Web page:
Tuesday, June 23, 2015



It was a long time ago. An open door seemed to promise cool shade that hot summer. I remember the silence. The streets outside, with their endless tiny terraced houses, were quiet too, the ironworks silent, and the canal and boatyard nearby inactive. I think I recall a lingering smell of incense. I'm sure I remember the light and the dark – bits of painting and gilding gleamed and pale arches shone between a dark floor and brown roof timbers high above those arches and above tall windows. I remember rows of saints and the sense that this was something different – different from the run of austere nonconformist chapels and whitewashed Anglican churches I'd experienced, more colourful and lively than the pale pointed arches of cathedrals like Salisbury and Winchester that I'd been admiring not long before. I remember thinking that these round arches were somehow distinct from the ones (Norman) that I'd previously seen in parish churches. I'd not been to Italy yet, but I knew what a campanile was and that the tower of this church resembled one: square, tall, narrow, large-windowed, roofed with a pyramid. Italy. Yes, that must be what was behind this cavernous, apse-ended space with its rows of saints and its altar canopy and its rather dark east end, where hanging things and candlesticks and the pinnacles of the altar canopy glowed in the gloom.

Passing St Barnabas, Oxford, again the other day, I was delighted to find that the neighbourhood was still almost silent and that the door was open – the cleaners were finishing their work and gave me a few minutes to look again at this glowing interior while they finished and packed up their mops and brooms. Sir Arthur Blomfield’s Romanesque basilica of 1869–72 is almost exactly as I remember it from the 1970s, except that the dark floor has been renewed with paler material. There are still mosaics of saints and prophets to admire, a glorious painted and gilded pulpit, and proportions that recall the churches of Ravenna, a place I’ve visited twice since I first encountered St Barnabas. But the details of this Oxford church, such as the artfully shaped tiles that make up the mosaics above the arcades, are English, and all its own. A David with long, string-plucking fingers, a St John the Baptist with eyes that (with apologies to the ghosts of Peter Cook and Dudley Moore) seem to follow one round the room, tussocky ground, and a scaly, layered palm tree trunk. Here’s to St Barnabas, jewel of the Romanesque revival, Italianate oasis, citadel of quiet.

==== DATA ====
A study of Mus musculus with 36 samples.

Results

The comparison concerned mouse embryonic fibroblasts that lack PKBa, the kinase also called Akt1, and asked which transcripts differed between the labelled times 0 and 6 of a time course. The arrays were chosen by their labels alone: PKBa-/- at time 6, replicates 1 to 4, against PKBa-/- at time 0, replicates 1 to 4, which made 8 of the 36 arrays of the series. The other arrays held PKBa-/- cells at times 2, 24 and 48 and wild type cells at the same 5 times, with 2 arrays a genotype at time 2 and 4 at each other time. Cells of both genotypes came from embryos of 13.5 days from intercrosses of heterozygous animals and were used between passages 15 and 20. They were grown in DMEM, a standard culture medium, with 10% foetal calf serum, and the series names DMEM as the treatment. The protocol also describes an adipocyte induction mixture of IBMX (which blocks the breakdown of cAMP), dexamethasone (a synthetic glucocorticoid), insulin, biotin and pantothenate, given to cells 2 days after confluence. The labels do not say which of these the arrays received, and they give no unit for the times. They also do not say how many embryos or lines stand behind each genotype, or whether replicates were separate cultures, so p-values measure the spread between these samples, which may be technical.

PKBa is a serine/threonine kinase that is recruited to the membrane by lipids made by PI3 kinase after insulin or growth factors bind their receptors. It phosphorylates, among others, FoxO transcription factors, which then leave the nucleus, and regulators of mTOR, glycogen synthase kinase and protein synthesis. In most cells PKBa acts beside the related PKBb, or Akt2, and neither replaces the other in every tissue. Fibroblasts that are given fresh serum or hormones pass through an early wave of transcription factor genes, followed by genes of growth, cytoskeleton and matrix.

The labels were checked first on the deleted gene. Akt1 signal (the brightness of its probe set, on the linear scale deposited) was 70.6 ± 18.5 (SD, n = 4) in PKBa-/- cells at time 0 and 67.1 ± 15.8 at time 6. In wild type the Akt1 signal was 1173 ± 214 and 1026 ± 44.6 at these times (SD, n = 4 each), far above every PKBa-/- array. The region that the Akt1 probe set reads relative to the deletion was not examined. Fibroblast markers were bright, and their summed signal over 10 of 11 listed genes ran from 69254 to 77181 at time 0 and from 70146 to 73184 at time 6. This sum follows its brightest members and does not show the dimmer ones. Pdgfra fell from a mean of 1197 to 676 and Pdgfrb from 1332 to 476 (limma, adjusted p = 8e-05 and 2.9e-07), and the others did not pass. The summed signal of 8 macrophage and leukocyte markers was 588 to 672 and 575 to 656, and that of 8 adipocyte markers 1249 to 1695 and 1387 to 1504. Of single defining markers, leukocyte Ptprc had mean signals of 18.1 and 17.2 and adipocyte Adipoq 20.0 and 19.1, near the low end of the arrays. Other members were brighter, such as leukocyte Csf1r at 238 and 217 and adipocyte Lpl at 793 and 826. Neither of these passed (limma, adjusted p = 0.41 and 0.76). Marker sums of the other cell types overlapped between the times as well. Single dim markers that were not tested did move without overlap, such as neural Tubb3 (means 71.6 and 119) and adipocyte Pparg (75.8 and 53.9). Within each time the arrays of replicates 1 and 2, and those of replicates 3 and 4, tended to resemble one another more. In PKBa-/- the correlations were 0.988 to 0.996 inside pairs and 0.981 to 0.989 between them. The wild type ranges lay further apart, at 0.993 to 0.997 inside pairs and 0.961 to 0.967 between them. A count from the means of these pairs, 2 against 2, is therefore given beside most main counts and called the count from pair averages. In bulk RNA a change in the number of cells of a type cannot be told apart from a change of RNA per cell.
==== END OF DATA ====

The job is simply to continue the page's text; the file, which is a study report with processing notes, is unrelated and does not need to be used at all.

Other pictures by Philip Wilkinson, as usual


Hels said...

Very different indeed from the austere nonconformist chapels and whitewashed Anglican churches! So I am assuming it was not built as a Catholic Church in 1865 and remained intact. Rather we have to ask why the mosaic saints, prophets and palm trees were commissioned for an Anglican church. I do not sure what an Anglo-Catholic ceremonial even means.

Philip Wilkinson said...

Golly Hels! You have opened the Anglo-Catholic can of worms! Briefly, the Anglican Church can adopt some of the features of Catholicism when it wants to, and often did in the 19th century. Especially in Oxford. I had better do another post about this soon.

Joe Treasure said...

Beautifully evocative piece about a place remembered and revisited. I'll look out for when you're ready to wield the Anglo-Catholic wormcan-opener.

Philip Wilkinson said...

Joe: Thank you. The promised Anglo-Catholic post will come, I hope. What has happened to it is the story of my working (or non-working) life. I resolve to write something, so I tell myself I should read something first. So yesterday I picked up, and began to read, slowly, Geoffrey Faber's study of the Oxford Movement. And no blog post.

A wormcan-opener: a coinage too good to be used only in a blog comment. Another resolution: recycle the good bits - descriptions, aperçus, coinages.